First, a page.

When students around the world think about leaving home and heading overseas to study, there are three countries that top their educational shopping list: the US, England and Australia.
We are now the third most important country in terms of the number of international students we host. And it’s only our relative size that puts us in third place. We have the highest number of international students on a per capita basis.
This is in great part due to the excellent reputation of our universities. But there are other factors at play.
Australia benefits from being close to Asia, and much of our country is in the same or similar time zones to many parts of China, Japan and Korea. What we see is very large concentrations of these groups coming here to obtain degrees because it is very easy to move in and out of the country and to maintain contact with families back home.
Interestingly, the second biggest student ethnic group, after the Chinese, is Indian. This is in part a legacy of the relationship established under the historic Colombo Plan, and also our shared Commonwealth experience. It seems as though these long-term ties around English culture, sport and language strongly influence Indian educational choices.
This huge wave of international students is not slowing. In fact, it’s speeding up. We are seeing the annual growth rate compounding at about three to four percent. In response to this increasing demand, the universities need to build new teaching facilities and more student housing. And they need to hire more educators.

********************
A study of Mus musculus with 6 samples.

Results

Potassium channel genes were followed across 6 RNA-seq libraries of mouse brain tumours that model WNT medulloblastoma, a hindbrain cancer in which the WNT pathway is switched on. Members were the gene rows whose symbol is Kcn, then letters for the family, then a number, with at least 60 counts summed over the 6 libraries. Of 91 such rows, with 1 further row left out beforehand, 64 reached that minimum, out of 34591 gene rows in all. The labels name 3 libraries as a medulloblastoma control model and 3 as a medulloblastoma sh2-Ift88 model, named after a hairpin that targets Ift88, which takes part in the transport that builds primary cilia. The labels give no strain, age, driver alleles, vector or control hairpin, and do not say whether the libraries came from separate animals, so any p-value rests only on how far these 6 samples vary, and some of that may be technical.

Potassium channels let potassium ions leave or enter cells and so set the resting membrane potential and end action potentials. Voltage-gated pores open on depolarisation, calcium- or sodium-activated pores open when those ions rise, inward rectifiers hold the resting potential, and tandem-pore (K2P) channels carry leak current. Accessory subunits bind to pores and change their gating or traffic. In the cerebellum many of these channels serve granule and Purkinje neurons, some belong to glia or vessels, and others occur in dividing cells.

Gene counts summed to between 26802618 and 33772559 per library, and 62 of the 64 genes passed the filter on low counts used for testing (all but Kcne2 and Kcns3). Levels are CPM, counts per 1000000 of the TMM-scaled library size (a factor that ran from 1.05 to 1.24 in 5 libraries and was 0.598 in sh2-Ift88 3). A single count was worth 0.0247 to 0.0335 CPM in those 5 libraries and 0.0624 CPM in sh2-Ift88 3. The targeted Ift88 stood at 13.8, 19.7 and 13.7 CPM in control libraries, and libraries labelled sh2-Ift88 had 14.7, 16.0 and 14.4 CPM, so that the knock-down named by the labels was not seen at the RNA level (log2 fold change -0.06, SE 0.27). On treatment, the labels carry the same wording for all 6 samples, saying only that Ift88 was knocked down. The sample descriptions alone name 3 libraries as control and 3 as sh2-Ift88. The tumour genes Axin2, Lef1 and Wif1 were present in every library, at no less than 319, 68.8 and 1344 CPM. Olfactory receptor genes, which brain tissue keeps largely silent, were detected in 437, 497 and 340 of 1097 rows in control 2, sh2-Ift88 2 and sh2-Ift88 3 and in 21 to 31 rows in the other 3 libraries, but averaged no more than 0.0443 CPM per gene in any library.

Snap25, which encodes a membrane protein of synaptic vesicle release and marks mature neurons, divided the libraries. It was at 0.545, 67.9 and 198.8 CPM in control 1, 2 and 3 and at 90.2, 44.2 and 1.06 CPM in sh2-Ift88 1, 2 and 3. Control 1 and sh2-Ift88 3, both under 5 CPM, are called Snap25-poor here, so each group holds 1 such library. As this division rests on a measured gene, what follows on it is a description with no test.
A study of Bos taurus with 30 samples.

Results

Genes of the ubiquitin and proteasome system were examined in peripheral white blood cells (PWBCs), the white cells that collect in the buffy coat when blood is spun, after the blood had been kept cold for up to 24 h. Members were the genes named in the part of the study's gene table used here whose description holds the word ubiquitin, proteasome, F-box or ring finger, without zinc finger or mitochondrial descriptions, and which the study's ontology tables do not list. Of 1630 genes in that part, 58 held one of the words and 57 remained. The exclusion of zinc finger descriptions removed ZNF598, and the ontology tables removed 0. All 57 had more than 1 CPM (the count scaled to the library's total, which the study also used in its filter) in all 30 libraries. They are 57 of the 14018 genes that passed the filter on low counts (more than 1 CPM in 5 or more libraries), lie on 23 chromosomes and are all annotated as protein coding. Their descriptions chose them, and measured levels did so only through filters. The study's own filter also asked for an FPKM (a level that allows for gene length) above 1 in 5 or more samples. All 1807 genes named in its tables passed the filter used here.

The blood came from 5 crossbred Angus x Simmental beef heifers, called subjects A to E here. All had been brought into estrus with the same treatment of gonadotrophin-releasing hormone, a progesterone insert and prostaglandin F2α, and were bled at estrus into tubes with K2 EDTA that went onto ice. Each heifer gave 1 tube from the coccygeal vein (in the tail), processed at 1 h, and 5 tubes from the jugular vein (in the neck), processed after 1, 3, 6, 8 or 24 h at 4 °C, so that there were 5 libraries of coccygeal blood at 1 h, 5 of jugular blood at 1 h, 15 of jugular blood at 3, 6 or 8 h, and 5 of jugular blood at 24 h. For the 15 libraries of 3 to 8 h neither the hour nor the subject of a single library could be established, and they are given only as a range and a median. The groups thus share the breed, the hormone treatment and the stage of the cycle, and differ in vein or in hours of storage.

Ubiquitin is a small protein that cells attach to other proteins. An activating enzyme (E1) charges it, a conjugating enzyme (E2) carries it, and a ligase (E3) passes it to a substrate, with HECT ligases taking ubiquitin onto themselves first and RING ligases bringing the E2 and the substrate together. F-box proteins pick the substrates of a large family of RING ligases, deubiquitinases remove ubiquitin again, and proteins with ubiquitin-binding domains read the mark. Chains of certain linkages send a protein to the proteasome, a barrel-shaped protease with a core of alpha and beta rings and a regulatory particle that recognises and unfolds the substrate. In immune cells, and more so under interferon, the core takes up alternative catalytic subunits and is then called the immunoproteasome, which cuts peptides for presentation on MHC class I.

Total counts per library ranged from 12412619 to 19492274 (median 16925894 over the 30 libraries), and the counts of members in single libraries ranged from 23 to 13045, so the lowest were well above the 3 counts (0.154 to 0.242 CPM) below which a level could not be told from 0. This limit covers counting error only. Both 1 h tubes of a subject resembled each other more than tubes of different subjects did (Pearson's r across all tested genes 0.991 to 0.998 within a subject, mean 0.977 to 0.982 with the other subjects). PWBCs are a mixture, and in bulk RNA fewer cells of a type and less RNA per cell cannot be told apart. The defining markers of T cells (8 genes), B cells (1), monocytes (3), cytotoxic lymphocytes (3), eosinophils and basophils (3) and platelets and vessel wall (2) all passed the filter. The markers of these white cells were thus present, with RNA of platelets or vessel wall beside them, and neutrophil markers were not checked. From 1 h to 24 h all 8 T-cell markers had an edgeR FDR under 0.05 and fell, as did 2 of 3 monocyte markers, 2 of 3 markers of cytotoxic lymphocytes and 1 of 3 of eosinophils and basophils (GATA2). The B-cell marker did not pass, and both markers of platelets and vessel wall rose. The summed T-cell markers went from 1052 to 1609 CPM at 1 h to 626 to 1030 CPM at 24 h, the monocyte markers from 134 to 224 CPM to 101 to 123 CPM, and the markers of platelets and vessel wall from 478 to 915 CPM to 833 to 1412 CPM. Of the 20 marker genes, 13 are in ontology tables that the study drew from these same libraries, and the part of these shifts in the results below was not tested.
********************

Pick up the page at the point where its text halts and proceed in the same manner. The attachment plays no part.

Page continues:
This is not just a numbers game, where more of everything is required. The universities are also looking to enhance the quality of their offering. The University of Melbourne, currently ranked as number one in Australia and number 33 on a global basis, wants to get into the world’s top 20. In order to do that, it has a significant construction program planned.
International education is an enormous driver of economic growth, but it is also driving a much smarter country. Many of these students make a strong contribution in the professional, scientific, and software services, as well as a broader range of services. Many of them stay, bringing capital from home countries and creating stronger trade and business ties for Australia.
Sometimes, it’s the subtlety of the international and global ties that is more important, at the end of the day, than the simple dollar value of selling our education to overseas students.
International students have driven the renaissance of Melbourne’s CBD with around 10,000 students living in inner areas. For many students, parents purchase apartments or units in student housing complexes. Melbourne’s CBD is becoming even more vibrant and cosmopolitan.
I believe that one of the impacts of our education policies is the growth of small to medium enterprises which are the fastest growing business types in Australia. In fact, per capita, Australia has twice the number of start-ups as the US and the UK. So we are a vibrant young global country and we are moving very quickly to becoming internationally recognised, not only for our education, but for our innovation as well.
The export drive has given our universities more money to invest in facilities and better staff which is also providing access to better education for domestic students. From a city-building point of view, we are seeing the development of education precincts, such as Sydney University and UTS close by, and Melbourne University, RMIT and Victoria University sharing a CBD neighbourhood. Educational hubs are being established which include retail, entertainment, banking, and visa and migration services – again driving very strong jobs growth in the domestic economy.
About the author:
Brian Haratsis is MacroPlan’s Founder and Executive Chairman. Brian is an economist and future strategist with over 30 years experience as an advisor to governments and major corporate clients throughout Australia and New Zealand. For more information or to discuss your property research requirements, please contact National Marketing Manager, Amy Williams on 02 9221 5211 or firstname.lastname@example.org.